There is probably no other space in London that affords so many opportunities as does the Royal Albert Hall to recreate St Marks in Venice. Thus, the Monteverdi Choir processed down the stairs at either side of the stage during the opening response of Monteverdis Vespers, Domine, ad adiuvandum me festina (which presented some difficulty for the accompanying chittaroni), and soloists vanished and reappeared in various spots around the hall.
Most spectacular was Audi coelum, in which Andrew Tortises supple and thrilling tenor was echoed from up in the gallery by Peter Davoren, who himself had given a moving Nigra sum earlier; their impassioned duetting from opposite sides of the hall in the final Magnificat was possibly the highlight of the evening for me.
The Monteverdi Choir, in a rather youthful incarnation, were on excellent form throughout, if perhaps, unusually, occasionally imprecise with their ends of phrases; their full-throated enthusiasm in the untransposed versions of Lauda Jerusalem and the Magnificat was a joy to hear. The superb combined forces of the London Oratory Junior Choir and the Schola Cantorum of the Cardinal Vaughan Memorial School played their part, too, particularly with their Sancta Maria from the gallery, floating serenely above the increasingly syncopated instrumental interludes.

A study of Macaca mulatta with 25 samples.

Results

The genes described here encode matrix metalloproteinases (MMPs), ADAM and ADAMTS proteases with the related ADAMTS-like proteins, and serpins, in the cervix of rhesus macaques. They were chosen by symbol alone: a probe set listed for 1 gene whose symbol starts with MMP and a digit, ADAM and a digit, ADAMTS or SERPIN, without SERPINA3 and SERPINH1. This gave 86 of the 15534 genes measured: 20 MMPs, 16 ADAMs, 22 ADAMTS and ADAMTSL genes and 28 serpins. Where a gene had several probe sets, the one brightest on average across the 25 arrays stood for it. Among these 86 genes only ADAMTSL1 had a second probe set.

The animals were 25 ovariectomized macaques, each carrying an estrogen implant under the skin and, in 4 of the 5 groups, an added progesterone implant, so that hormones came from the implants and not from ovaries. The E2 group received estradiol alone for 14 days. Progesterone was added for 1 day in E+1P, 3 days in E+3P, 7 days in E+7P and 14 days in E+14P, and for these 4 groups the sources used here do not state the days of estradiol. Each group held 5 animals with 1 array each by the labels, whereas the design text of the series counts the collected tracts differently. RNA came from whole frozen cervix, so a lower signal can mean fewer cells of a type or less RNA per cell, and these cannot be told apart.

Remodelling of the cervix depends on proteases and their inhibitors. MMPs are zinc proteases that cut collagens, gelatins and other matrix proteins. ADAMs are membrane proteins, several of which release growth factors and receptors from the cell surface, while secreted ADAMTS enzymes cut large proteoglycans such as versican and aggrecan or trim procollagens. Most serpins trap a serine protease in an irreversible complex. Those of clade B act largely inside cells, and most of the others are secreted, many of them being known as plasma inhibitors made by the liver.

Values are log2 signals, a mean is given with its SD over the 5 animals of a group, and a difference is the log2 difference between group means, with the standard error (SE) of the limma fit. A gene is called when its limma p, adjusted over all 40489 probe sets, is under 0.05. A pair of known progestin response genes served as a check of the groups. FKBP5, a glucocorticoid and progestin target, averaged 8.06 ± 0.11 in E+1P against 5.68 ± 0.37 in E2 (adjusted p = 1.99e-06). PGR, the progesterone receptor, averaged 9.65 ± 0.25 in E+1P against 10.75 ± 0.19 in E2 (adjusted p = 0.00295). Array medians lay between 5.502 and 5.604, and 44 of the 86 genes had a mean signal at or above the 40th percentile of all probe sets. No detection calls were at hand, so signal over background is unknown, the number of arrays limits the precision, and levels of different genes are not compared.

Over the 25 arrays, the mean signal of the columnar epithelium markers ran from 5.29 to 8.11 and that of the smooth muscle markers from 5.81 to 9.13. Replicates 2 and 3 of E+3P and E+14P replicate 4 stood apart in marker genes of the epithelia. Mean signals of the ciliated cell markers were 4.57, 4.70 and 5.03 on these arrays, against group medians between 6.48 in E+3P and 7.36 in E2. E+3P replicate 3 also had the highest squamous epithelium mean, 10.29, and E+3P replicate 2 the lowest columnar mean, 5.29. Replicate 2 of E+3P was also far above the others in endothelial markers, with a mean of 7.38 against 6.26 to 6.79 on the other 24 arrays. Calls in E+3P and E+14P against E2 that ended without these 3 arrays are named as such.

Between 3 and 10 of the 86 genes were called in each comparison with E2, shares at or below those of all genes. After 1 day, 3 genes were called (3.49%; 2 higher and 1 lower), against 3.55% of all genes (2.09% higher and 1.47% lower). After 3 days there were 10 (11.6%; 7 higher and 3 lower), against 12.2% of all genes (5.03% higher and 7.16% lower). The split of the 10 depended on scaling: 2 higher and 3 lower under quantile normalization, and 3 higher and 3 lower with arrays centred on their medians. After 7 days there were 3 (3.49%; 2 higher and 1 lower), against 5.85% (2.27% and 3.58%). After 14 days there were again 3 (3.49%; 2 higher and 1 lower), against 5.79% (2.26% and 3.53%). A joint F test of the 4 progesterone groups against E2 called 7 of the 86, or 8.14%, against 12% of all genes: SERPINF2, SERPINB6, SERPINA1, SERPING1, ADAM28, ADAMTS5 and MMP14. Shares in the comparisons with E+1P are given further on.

The orchestra is so often overshadowed and overlooked in performances of the Vespers, but that the English Baroque Soloists and His Majestys Sagbutts and Cornetts didnt stand out was only to their credit: however, we certainly heard and felt them in the opening chorus, and their rhythmic precision drove the evening along, without ever being too forceful.
And what of the man out in front of it all? Sir John Eliot Gardiner has now performed the Vespers four times at the Proms since his debut here in 1968, and his interpretations, whether live or on disc, have always been vivid and energised. If some of his tempi seemed a little hectic (occasionally resulting in uncomfortable changes to and from triple-time), that is surely only a sign of his enthusiasm for, and dedication to, this music. He perhaps more than anyone else is responsible for the re-establishment of the work in the mainstream repertoire: so thank you, Sir John.